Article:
Climate change might seem like a far off concern, but for anyone living on the coast, humans' impact on the world is all too present. What future coastlines will look like is directly related to global warming, which is expected to lead to rising sea levels. As people continue to release high levels of carbon dioxide into the atmosphere, the global temperature rises, ice caps melt faster, and the ocean levels creep ever upwards.
How will rising oceans impact the world? There's no way to know for certain, but maps showing rising ocean levels give a grim approximation of what the coastlines of the future could look like. Scientists estimate that the sea level rise could be anywhere from three to six feet within the next century. Even the lower end of this prediction would cause significant damage to coastal populations all over the world.
While an eventual rise may be inevitable at this point, how high the oceans swell is in large part dependent on people's activities. The more society can slow this rise, the better everyone can prepare for the outcome.
This map depicts a uniform sea level rise of approximately 20 feet across the globe, as seen in red. In this case, certain areas would be more affected than others. Parts of the east coast of the United States, for instance, would be at risk for a sea level rise of three to four times the national average. New York City would be almost completely flooded, and Hampton Roads, VA, and Charleston, SC, would be submerged. Most of Florida, including Miami and Jacksonville, would be wiped out as well.
Ocean levels are eventually expected to rise by at least 20 feet, based on Earth's rising temperature. That estimate comes from evidence of past periods of warmth, millions of years ago, in which the global sea level was over 20 feet higher. Current climate negotiations aim to cap global warming at a two degree rise in temperature, but that could still lead to a massive rise in ocean levels.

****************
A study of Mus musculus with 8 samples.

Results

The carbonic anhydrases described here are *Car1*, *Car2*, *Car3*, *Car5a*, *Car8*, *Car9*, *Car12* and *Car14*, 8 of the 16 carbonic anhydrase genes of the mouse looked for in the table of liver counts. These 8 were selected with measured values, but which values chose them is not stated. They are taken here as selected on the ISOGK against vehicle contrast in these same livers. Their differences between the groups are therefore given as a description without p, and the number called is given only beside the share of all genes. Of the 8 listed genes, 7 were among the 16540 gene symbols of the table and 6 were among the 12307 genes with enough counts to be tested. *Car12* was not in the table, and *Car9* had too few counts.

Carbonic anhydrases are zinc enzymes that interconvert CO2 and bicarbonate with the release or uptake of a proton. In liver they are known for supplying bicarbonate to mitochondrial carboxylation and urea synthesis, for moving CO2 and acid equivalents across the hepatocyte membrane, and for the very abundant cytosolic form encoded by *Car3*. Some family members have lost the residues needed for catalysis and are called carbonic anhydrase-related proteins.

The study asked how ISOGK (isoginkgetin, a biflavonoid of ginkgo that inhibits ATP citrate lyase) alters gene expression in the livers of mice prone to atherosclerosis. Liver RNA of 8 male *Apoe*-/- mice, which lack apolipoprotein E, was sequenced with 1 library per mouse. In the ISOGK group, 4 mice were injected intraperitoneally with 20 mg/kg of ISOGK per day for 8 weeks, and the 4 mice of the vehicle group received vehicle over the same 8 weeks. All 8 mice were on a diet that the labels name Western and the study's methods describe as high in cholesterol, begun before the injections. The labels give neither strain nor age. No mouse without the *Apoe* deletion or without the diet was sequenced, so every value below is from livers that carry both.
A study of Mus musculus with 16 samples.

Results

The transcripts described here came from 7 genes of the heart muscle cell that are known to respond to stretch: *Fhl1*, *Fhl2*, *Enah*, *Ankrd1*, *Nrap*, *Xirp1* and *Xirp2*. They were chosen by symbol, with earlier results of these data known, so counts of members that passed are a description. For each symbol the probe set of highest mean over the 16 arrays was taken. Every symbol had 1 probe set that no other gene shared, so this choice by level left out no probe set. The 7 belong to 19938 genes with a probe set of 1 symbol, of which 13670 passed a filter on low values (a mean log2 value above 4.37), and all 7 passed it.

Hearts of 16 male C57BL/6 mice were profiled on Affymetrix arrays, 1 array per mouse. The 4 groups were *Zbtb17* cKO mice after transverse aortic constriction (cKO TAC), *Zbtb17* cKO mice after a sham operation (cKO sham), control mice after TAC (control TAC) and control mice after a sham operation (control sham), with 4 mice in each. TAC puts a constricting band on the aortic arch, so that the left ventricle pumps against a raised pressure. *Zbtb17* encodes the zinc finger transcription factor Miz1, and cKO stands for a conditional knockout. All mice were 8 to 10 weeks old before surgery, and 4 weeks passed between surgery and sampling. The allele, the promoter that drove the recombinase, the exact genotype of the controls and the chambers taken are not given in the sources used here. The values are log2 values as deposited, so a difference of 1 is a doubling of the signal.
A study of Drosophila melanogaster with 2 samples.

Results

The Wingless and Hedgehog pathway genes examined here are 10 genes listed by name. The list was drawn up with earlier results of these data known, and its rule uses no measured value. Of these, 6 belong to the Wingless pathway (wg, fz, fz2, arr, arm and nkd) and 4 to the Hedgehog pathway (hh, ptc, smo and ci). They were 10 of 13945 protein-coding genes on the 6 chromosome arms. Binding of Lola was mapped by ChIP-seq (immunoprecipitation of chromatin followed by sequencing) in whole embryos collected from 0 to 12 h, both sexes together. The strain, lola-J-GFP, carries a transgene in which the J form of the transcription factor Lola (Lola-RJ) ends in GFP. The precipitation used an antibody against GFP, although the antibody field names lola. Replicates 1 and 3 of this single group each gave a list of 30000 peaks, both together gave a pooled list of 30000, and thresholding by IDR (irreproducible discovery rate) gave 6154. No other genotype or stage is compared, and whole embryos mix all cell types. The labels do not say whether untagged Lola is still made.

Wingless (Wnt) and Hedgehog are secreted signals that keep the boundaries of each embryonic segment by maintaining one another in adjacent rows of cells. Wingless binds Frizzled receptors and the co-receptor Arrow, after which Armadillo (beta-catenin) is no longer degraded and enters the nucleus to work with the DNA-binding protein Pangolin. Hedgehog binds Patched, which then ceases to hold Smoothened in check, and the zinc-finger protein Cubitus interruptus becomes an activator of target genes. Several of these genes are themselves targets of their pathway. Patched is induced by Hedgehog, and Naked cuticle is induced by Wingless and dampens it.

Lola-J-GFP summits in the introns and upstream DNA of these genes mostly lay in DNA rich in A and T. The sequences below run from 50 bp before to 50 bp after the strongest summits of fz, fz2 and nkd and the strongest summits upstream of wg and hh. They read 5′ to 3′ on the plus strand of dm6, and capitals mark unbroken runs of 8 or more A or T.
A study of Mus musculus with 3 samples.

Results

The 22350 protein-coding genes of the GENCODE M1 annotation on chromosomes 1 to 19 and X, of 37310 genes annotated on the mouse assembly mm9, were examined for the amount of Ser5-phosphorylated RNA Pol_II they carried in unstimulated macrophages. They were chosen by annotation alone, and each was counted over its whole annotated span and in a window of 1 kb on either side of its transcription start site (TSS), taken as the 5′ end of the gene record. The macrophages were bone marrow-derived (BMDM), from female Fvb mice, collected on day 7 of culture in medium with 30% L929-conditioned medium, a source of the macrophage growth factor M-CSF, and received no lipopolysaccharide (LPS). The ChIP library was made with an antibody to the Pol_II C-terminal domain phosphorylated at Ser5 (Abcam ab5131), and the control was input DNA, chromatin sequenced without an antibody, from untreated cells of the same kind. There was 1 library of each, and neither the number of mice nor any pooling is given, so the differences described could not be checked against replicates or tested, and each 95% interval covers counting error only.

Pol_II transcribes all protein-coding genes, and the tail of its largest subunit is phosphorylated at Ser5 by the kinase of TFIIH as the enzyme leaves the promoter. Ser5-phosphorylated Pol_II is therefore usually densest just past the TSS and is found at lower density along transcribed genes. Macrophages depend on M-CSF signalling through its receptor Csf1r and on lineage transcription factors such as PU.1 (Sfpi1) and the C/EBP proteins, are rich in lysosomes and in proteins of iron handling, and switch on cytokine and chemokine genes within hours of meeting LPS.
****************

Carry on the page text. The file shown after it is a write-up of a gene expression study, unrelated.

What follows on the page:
This map pinpoints the 20 largest cities across the globe that are at risk from rising sea levels. The purple dots mark the top 20 cities in terms of population, including New York City, Mumbai, and Shanghai.
The coastal cities included on the map would even be impacted by a relatively minor sea level rise of one-and-half feet, which is considered likely by 2100.
Determining just how much ocean levels will rise in the future isn't a perfect science. It's dependent on many factors, including human activity and carbon emissions. But short of drastic changes, scientists estimate sea levels will rise between three to six feet within the next century.
These maps show the Netherlands currently, and the Netherlands with just a three-foot sea level rise. Based on this projection, a significant loss of land is likely by 2100. Half or more of the coastal country's territory could end up under water.
If sea levels rise just three feet in the next century - a fairly moderate estimate - millions of Americans would be at risk of displacement. This video maps the populations affected in each coastal state. Over one million people would be at risk in Florida alone, where the majority of the counties could flood.